By Keely Flanagan
May 5, 2015
LJ Scarcella gives more insight on Muay Thai.
What is muay thai?
Muay Thai is a combat sport that originated in Thailand. It’s known as “the art of eight limbs,” because Muay Thai technique emphasizes using the entire body.
Muay Thai is divided into six different attacking techniques:
- Punching (“Chok”)
- Elbow (“Sok”)
- Kicking (“Te”)
- Knee (“Ti Khoa”)
- Foot-thrust (“Thip”)
- Clinch and neck wrestling (“Chap kho”)
Muay Thai is widely practiced in mixed martial arts, and many successful UFC fighters are skilled Muay Thai fighters. The current UFC featherweight champion Jose Aldo, for example, employs a wide range of Muay Thai tactics. Former middleweight champion Anderson Silva is also known for his Muay Thai fighting techniques.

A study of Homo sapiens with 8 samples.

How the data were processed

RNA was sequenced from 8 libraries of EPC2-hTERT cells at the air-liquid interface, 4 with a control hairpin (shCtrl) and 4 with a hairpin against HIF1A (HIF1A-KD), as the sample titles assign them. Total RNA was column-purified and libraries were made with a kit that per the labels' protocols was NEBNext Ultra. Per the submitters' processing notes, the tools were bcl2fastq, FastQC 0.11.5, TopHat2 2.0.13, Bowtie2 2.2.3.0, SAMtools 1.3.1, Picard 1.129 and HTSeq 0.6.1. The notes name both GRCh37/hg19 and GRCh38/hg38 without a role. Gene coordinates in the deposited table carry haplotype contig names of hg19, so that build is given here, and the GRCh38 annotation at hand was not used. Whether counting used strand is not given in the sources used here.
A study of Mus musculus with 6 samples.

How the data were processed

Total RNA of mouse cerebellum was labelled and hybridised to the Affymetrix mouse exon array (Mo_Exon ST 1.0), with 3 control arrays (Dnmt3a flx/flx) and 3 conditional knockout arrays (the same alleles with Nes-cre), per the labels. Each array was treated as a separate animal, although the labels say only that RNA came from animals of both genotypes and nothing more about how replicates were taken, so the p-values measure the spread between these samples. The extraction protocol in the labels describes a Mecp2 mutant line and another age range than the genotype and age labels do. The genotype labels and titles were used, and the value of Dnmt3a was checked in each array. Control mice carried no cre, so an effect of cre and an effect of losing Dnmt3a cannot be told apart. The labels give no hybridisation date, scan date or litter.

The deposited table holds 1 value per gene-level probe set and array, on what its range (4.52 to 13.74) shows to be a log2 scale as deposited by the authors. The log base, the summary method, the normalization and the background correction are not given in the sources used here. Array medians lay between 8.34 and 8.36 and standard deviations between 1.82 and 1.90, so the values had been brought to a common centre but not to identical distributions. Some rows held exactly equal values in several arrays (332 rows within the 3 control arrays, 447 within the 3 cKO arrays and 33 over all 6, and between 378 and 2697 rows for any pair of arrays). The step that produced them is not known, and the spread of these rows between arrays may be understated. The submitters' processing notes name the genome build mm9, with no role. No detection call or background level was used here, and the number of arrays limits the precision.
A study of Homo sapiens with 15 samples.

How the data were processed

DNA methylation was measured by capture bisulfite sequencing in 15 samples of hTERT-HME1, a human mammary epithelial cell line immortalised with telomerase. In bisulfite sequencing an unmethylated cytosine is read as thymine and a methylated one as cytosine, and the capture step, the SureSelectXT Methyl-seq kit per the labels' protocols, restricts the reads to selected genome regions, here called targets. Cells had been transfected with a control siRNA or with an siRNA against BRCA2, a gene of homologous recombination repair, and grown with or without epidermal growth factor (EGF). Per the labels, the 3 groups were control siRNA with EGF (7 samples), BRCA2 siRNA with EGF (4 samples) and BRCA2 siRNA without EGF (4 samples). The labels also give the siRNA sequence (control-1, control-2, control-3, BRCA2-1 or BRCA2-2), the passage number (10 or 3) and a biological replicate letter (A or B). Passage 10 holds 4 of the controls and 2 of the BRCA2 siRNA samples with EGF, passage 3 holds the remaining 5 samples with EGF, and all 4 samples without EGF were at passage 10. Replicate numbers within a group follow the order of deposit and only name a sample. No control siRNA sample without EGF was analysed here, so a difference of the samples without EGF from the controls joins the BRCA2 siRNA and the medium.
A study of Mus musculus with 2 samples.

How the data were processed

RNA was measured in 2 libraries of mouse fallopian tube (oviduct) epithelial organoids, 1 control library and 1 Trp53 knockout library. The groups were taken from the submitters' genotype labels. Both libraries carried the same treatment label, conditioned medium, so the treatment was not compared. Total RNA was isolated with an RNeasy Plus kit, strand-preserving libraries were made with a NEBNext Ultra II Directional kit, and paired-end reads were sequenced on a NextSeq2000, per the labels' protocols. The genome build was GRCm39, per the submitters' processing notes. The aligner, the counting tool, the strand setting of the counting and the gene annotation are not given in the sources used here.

Dutch style kickboxing
Scarcella says he “prefers the Dutch-style” of muay thai. But what does that mean?
The Dutch style focuses more on kickboxing and punching as opposed to knees and elbows, both common techniques in traditional muay thai. According to the popular MMA blog “Couch 2 Cage,” muay thai fighters don’t emphasize punching because they don’t score a lot of points for landing punches. Instead, a muay thai fighter will go for a “clinch,” which basically means grappling with an opponent while standing up, as opposed to taking it to the mat like in wrestling.
Another key difference is the use of elbows. Dutch kickboxing rarely utilizes the elbow, while a muay thai fighter’s elbow can be their best weapon in a fight.